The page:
When developing a game, at some points you need to face the truth why your idea is not working. Well, I’ve been developing a shooter game, based on a C64 game of which I don’t remember its name. I liked the game back then and the graphics in the original are somewhat simpler then my approach.
This is the result:
What is wrong with this game? Well, the movie demonstrates exactly what is wrong. The world is based on 3D coordinates, which are translated to 2D using perspective projection. And this is very hard to play. As the movie shows, when the player is to the right and shoots, the fire-balls do not go straight up to the horizon, the follow a perspective diagonal line, tilted to the left. When shooting at the left side of the screen, the problem is vice versa. Only when the player is at the middle of the screen, the bullets go straight up.
The game would be more playable when the player’s bullets would go up all the time, as like in the middle of the screen. The bullets would follow a path of parallel projection, where the position on the Z-axiz (into the screen) would be a factor of the Y-axis (vertical).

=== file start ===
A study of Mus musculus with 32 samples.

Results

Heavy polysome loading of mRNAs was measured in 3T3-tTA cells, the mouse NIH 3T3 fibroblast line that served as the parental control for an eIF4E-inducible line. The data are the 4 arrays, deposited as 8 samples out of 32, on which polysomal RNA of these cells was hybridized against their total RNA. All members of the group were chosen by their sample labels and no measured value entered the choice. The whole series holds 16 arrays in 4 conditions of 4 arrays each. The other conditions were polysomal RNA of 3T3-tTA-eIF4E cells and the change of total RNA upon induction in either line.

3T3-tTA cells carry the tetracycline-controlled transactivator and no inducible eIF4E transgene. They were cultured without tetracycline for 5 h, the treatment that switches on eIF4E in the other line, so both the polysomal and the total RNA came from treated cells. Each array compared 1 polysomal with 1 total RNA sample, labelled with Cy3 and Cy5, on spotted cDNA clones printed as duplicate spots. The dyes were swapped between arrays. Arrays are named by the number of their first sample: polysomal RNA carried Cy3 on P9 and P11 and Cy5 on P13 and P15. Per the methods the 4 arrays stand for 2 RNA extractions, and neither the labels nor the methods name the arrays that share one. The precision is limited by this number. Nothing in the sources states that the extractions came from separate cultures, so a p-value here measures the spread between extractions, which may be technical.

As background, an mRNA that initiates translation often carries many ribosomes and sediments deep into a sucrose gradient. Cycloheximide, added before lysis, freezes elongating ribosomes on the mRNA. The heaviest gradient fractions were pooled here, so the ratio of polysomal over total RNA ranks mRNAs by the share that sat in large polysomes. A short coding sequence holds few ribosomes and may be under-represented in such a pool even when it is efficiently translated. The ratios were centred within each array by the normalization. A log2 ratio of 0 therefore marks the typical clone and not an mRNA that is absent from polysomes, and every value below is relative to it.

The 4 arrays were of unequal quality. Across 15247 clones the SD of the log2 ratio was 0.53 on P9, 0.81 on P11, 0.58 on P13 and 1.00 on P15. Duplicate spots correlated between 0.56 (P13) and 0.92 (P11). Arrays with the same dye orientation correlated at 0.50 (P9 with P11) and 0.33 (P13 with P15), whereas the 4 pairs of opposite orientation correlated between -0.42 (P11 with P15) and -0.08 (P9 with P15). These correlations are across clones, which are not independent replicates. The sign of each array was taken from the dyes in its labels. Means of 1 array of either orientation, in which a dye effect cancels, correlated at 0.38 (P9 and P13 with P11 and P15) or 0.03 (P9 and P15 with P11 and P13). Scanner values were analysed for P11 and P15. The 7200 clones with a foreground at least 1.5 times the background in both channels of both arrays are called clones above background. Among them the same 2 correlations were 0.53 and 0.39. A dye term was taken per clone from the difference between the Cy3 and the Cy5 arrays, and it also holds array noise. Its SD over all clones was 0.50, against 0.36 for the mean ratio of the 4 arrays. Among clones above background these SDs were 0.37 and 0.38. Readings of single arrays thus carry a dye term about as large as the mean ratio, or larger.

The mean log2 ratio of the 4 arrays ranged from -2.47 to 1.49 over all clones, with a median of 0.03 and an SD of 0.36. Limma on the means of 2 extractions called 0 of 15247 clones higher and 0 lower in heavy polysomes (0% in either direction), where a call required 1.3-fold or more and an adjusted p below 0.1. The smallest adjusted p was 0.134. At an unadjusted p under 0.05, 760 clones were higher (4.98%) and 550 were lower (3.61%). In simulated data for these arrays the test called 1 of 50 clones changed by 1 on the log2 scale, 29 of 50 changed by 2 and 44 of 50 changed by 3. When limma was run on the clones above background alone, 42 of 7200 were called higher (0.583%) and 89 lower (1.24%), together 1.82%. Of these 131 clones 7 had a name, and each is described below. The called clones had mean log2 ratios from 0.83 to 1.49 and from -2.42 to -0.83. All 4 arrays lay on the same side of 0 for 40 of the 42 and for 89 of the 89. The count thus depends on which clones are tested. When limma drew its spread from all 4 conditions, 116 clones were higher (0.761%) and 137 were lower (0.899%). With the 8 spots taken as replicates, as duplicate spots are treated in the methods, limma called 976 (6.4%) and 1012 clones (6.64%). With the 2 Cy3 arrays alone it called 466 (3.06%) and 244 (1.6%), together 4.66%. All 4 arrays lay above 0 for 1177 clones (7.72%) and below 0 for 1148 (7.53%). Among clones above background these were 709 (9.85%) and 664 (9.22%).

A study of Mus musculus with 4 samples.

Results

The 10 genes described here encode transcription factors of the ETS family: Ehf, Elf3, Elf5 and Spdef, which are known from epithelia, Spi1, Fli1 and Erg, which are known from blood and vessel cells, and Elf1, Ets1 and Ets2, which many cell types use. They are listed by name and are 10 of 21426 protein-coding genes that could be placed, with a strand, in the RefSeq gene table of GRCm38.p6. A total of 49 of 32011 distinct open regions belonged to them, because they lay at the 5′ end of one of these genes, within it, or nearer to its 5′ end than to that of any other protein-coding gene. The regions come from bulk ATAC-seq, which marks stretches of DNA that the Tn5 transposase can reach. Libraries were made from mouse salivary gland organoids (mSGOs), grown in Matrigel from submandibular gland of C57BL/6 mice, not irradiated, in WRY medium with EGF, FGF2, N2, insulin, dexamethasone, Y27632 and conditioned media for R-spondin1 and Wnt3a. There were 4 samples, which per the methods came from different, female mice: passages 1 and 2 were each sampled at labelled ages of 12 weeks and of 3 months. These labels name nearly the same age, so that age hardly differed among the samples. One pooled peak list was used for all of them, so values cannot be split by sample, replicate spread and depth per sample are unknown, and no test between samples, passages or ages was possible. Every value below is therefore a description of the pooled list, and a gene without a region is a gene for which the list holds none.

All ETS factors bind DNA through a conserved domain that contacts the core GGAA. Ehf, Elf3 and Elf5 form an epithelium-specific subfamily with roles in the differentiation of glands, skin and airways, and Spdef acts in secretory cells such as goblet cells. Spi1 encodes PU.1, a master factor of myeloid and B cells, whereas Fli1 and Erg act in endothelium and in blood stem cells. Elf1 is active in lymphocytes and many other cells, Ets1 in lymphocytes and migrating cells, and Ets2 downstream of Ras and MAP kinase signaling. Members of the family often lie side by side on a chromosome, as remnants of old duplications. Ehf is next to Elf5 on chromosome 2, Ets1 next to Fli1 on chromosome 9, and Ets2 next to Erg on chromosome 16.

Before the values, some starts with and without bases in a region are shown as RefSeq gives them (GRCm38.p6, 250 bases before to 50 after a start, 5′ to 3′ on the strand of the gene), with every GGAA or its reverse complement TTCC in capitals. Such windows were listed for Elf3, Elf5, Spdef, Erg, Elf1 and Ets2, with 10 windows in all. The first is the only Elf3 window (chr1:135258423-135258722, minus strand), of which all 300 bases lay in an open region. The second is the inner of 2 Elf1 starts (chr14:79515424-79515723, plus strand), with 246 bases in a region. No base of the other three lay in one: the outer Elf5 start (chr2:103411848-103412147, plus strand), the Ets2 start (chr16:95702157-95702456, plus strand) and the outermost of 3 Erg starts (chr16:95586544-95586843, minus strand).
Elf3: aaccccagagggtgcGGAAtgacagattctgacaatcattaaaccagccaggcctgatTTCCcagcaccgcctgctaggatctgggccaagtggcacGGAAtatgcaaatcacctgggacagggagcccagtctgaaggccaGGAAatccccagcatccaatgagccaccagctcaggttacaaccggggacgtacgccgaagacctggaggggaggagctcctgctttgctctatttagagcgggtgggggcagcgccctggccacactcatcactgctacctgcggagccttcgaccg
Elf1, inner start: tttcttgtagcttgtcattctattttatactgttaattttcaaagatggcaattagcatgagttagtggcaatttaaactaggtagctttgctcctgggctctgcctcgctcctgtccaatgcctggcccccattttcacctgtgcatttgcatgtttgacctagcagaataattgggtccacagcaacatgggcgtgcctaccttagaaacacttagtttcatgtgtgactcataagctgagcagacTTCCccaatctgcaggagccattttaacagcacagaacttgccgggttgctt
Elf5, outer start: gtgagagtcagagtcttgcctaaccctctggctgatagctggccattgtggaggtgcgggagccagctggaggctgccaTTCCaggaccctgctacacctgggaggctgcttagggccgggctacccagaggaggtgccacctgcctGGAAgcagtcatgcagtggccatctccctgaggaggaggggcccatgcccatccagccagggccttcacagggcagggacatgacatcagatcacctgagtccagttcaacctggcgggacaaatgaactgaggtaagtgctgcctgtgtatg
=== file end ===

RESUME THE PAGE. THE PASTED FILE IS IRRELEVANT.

But do players buy this? The “ground” could be in perspective projection, like it is now, but bullets follow a parallel projection path? Gamers would probably buy it, because like television, games are lies.
There is more wrong with this game, things that fall in the category “not finished so don’t complain”.
It is these moments one could give up the whole idea and declare the invested energy as a waste of time. However, you can also look away from it, and get back to it again later with better ideas. I guess it is part of the creative process.